A 2012 study from the University of Colorado Boulder confirms what most parents of two to three year-old toddlers instinctively know: missing a daytime nap results in “crankier” kids. The study showed that, “toddlers between 2 and a half and 3 years old who miss only a single daily nap show more anxiety, less joy and interest and a poorer understanding of how to solve problems, said CU-Boulder Assistant Professor Monique LeBourgeois, who led the study.”
The facial expressions of children in the study were videotaped an hour after taking their regular nap, and on a different day after having missed their nap time.
The study showed nap-deprived toddlers completing the solvable puzzles had a 34 percent decrease in positive emotional responses compared to the same children completing similar puzzles after their usual midday naps. The study also showed a 31 percent increase in negative emotional responses of nap-deprived toddlers when they attempted to complete unsolvable puzzles when compared with puzzle-solving attempts after they had napped.
In addition, the study found a 39 percent decrease in the expression of “confusion” when nap-deprived toddlers attempted to put together unsolvable puzzles. “Confusion is not bad — it’s a complex emotion showing a child knows something does not add up,” said LeBourgeois. “When well-slept toddlers experience confusion, they are more likely to elicit help from others, which is a positive, adaptive response indicating they are cognitively engaged with their world.”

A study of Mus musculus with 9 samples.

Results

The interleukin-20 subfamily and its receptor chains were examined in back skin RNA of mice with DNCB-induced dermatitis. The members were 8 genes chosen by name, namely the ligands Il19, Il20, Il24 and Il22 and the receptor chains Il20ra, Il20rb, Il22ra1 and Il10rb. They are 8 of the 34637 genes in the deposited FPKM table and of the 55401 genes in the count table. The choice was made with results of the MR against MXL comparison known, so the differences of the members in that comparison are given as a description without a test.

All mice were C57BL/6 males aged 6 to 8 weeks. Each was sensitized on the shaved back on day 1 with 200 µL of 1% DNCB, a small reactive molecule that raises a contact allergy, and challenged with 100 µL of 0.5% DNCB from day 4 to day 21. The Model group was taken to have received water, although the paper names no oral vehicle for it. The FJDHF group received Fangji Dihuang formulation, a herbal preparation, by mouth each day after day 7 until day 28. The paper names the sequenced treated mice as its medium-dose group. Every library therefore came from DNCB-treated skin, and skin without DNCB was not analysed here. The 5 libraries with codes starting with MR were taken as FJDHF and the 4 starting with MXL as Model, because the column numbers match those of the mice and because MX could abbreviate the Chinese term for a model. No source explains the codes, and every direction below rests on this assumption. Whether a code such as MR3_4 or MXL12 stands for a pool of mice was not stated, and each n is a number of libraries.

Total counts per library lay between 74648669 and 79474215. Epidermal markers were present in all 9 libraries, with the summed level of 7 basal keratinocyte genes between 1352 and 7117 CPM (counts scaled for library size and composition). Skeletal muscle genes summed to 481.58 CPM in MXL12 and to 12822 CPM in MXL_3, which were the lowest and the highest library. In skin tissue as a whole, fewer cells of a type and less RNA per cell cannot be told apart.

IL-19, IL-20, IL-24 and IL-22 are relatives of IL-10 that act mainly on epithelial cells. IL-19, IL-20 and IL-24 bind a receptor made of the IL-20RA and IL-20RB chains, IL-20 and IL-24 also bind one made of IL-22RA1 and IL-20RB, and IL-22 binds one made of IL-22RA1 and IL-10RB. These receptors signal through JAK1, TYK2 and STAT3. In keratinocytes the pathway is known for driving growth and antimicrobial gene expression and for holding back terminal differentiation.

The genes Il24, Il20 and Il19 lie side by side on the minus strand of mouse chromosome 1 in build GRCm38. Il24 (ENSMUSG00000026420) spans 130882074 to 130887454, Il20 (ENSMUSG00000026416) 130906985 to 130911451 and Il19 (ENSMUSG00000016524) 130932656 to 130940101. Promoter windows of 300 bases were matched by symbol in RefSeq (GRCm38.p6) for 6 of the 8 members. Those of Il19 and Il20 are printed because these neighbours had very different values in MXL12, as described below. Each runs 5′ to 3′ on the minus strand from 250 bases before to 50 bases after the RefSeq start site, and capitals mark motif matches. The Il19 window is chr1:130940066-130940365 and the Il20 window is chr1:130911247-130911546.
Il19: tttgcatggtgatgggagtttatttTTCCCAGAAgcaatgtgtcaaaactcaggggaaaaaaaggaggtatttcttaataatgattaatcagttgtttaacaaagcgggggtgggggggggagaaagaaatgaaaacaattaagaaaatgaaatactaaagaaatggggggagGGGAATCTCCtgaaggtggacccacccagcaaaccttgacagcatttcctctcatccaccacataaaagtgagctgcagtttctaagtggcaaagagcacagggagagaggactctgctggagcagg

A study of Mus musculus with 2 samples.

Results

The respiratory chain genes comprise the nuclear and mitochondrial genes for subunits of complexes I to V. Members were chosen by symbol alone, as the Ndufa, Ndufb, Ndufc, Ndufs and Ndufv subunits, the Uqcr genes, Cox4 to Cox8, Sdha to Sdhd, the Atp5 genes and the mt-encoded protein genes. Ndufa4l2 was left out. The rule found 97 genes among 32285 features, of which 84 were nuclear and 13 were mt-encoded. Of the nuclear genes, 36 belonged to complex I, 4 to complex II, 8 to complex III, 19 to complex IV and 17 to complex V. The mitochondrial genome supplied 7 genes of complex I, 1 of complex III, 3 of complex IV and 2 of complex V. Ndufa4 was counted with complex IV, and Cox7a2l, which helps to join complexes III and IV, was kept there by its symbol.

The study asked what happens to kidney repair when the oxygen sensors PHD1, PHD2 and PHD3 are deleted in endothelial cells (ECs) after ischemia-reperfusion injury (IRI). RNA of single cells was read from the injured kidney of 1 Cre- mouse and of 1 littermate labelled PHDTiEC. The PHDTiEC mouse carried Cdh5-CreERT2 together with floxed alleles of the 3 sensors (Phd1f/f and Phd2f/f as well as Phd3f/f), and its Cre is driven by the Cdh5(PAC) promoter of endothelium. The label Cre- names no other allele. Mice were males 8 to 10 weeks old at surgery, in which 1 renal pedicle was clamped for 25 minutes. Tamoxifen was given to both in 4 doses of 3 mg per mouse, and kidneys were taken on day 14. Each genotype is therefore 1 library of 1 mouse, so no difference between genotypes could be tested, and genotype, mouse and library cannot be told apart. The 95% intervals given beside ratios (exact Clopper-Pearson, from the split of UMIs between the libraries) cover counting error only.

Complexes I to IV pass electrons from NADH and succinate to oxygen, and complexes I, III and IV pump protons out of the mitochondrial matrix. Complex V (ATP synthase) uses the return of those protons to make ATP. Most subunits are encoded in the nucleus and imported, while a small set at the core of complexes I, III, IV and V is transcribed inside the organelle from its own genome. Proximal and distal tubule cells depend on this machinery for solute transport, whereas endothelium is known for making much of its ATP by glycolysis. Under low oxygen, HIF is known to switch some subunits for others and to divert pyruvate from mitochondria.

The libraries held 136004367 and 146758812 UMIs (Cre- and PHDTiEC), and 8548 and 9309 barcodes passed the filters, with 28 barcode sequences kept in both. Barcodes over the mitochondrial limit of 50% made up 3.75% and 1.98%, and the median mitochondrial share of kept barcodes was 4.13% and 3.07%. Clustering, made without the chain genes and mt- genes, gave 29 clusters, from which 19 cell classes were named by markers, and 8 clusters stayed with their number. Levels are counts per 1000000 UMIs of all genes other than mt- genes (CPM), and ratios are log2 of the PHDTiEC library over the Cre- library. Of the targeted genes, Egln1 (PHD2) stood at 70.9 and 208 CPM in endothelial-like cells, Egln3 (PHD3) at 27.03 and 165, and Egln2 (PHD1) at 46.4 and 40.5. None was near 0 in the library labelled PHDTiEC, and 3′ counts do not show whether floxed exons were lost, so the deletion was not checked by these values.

The research begs the question whether children who consistently miss naps are at a disadvantage in their development of emotional intelligence, or ability to retain what they’ve learned. Children who are particularly negative may have difficulty making friends or creating positive relationships with caregivers. “This study shows that missing even a single nap causes them to be less positive, more negative and have decreased cognitive engagement” said LeBourgeois.
The reason that sleep is so critical is still somewhat of a mystery, however research published in the September 2013 Journal of Neuroscience , as reported by BBC News suggests that brain cells that produce insulating myelin are boosted in REM sleep. This could be one of many factors that contribute to the positive impact of sleep on brain function.